The restaurant has been a favorite neighborhood hangout since the first half of the 20th Century, but complaints at a recent COP104 meeting have ruffled some feathers among residents living near the establishment and O’Neill himself.
The complaints, which were made by a group of frustrated Maspeth residents at January’s meeting, indicated that patrons of O’Neill’s are rude, rowdy, loud, obnoxious, and may even be responsible for the increase in vandalism throughout the area.
The residents that spoke at the meeting said that Monday night, on which O’Neill’s has specials on hot wings and caters to a much younger high school and college crowd, has brought an influx of feisty youth into the area, and residents said that many of the bothersome incidents have occurred late on Monday nights.
According to O’Neill, he has not received any complaints from neighbors. He explained that he has always tried to be a good neighbor, and would be willing to discuss any issue, be it positive or negative, with anyone who lived near his restaurant.
“We’ve received no complaints at all,” he said. “And if anyone did ever complain to us, we would ask them to take us to the property damage, show it to us, and we would try and find a way to pay for it.”
A visit to O’Neill’s “Wings Night” revealed a crowded restaurant packed full of teenagers and adults, but the environment was controlled and orderly. All patrons were asked for identification before being served, and the noise level in any of the establishment’s many rooms was never so loud as to require shouting.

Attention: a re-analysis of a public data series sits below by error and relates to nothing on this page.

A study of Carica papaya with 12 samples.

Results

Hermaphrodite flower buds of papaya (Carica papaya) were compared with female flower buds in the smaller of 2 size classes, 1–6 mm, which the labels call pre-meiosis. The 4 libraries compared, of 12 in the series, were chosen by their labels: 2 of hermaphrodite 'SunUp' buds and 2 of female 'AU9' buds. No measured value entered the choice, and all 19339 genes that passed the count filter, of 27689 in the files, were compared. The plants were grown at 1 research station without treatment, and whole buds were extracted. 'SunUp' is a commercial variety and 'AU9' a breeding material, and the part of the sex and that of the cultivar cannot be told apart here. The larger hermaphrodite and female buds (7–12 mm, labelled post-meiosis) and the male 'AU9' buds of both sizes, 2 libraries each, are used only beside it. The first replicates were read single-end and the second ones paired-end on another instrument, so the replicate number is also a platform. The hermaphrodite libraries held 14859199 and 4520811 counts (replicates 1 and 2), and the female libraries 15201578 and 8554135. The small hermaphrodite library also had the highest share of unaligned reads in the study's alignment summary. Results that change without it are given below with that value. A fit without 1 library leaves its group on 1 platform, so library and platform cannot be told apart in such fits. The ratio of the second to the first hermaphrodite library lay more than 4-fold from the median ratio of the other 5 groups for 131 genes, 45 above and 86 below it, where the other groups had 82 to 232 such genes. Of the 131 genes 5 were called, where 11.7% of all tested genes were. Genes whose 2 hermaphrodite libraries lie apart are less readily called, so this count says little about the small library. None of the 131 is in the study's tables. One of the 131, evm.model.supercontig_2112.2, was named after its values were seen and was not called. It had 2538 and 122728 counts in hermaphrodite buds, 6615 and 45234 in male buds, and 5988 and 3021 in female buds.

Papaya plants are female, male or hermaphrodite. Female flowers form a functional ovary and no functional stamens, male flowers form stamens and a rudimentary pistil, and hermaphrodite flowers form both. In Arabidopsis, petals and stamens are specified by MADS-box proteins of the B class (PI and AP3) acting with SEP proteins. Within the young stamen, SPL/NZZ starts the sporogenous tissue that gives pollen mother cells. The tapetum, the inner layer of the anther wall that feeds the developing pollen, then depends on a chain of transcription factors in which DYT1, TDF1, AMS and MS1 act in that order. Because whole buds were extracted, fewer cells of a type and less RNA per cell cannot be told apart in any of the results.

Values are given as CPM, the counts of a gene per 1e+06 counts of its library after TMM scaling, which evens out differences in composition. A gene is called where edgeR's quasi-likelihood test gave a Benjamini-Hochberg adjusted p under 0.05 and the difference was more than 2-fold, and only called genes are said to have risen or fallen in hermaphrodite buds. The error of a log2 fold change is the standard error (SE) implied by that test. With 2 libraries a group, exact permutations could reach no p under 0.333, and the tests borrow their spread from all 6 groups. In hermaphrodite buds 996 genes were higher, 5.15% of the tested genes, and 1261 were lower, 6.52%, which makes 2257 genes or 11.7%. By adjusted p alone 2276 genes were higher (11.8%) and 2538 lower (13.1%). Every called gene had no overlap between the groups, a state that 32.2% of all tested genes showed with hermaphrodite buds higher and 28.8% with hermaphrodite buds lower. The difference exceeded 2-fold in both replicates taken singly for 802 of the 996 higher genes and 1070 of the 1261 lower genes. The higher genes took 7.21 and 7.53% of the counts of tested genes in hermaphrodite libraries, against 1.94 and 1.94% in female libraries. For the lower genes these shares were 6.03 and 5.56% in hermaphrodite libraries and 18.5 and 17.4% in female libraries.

Outside of the bar, teenagers gathered to wash their spicy chicken wings down with cigarettes while waiting for rides, but even they were relatively quiet and closely watched by employees of the restaurant.
There are several signs throughout the restaurant reminding customers to be quiet and polite when coming to and from the establishment, saying “This is a residential community. Please respect our neighbors.”
On Mondays, the restaurant typically gets crowded at around 7 p.m., and during the school year, clears out at around 10 p.m. During the summer, when school is out, the younger kids may stay later in the night until 11 or 12.
“Nobody is more careful about safety than me,” said O’Neill.
On Monday nights, which is arguably his most crowded night, he has retired police officers drop by the bar to socialize and keep an eye on the kids.
A number of neighborhood parents are happy to send their kids to O’Neill’s, as they know that they will be in a safe, friendly environment where the youngsters can socialize without alcohol.
"In most cases, the parents come with their kids the first time they visit, as chaperones," said John McDonald, the restaurant's manager. "After that, they let them come on their own."
In addition to the complaints made at the COP104 meeting, O’Neill says that his restaurant has received a few anonymous complaints regarding its patrons over the last few weeks, but the owner dismissed them due to what he described as their inflammatory and insulting nature.
“Knock on wood, but we’ve never had a bit of trouble here at the bar,” said O’Neill. “For all the aggravation we’ve had lately, the one thing we can say about O’Neill’s is that we have the best steak in New York City.”